Rock roadie, Le Donk, has lived, loved and learned. Along the way, he's lost a classy girlfriend but gained a sidekick, Scorz-Ayz-Ee. He sets out to make Scorz a star with a little help from the Artic Monkeys.
Lyra Mae Thomas,
Shane Meadows (This is England) directs this mock music documentary about Le Donk (Paddy Considine), a Nottingham based roadie working for The Arctic Monkeys and managing rapped Scor-zay-zee (playing himself). The film blends reality and fiction and is set and filmed in five days leading up to an Arctic Monkeys gig in Manchester. Le Donk has recently separated from his pregnant girlfriend (Olivia Coleman) and travels to Manchester with Scor-zay-zee for work and with the hope that he can somehow get the rapper on the bill at the gig.
Paddy Considine is brilliant as Le Donk and carries the entire movie. Most of his lines are improvised and the majority work, with hilarious results. He appears to be channelling David Brent and Alan Partridge at times but is thoroughly convincing. The film itself outstays its welcome after about 45 minutes. Despite a promising start the joke kind of gets old by the mid way point and although the film comes in at only 71 minutes, it feels long. I couldn't help feeling that it was more suited to TV and perhaps would have worked better as a 45 minute or one hour special. I'm glad that I didn't see it at the cinema myself.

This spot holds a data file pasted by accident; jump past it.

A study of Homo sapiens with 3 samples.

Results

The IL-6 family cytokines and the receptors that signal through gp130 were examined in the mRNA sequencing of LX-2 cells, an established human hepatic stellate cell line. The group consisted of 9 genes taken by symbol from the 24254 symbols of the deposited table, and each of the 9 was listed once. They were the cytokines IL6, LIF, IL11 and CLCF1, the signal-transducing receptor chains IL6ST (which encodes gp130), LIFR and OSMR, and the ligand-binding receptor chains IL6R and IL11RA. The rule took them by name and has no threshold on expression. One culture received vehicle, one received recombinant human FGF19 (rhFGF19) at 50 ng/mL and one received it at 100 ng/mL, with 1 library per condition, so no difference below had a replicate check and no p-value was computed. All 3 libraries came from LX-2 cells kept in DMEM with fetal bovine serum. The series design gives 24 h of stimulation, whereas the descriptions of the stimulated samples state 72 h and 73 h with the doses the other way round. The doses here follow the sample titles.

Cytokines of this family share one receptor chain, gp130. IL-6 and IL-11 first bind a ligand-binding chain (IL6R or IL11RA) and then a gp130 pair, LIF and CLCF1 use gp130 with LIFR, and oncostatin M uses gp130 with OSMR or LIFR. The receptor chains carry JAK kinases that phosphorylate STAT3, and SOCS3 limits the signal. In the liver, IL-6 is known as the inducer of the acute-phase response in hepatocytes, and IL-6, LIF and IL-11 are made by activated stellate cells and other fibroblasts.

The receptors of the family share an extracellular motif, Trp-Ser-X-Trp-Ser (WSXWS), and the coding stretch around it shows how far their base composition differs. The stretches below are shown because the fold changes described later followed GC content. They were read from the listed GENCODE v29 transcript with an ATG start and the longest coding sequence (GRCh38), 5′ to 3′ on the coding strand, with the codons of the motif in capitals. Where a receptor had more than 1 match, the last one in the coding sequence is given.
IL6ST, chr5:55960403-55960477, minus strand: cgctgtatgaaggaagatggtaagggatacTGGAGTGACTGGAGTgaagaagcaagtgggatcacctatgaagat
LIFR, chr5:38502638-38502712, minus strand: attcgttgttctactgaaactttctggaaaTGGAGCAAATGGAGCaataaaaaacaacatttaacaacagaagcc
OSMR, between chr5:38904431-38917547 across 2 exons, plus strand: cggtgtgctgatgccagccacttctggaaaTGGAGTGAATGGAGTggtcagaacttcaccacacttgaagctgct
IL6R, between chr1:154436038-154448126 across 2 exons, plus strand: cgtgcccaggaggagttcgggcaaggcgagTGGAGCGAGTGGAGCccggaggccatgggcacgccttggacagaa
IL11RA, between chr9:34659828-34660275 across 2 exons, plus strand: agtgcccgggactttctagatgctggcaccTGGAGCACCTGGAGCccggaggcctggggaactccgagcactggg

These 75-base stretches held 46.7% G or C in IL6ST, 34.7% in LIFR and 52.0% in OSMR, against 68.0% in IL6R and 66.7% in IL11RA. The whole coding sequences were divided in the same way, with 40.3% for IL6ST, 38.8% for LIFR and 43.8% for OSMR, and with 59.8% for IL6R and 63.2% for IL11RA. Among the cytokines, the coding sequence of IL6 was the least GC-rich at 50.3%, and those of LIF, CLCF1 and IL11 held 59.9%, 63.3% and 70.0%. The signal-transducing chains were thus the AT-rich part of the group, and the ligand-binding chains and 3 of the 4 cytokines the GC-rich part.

The idea itself is interesting and well executed but it is unable to sustain an entire feature, even one as short as this (there are at least three musical montages). Unlike Spinal Tap for instance which has two very strong central characters and numerous side characters, Le Donk is pretty much here on his own. Scor-zay-zee provides the odd funny line but he is either not good enough or not used enough to provide much impact. The side story of Le Donk's pregnant ex added a few minutes to the run time but is perhaps more important for cementing the two actors relationship before they worked together on Considine's brilliant directorial debut Tyrannosaur.
Overall the film is sometimes entertaining and occasionally very funny but doesn't have enough about it for a successful feature film. You have to commend everyone involved though as they've managed to make an average film in just five days with a budget of £48,000 when many studio films fall flatter than this with budgets one hundred times that.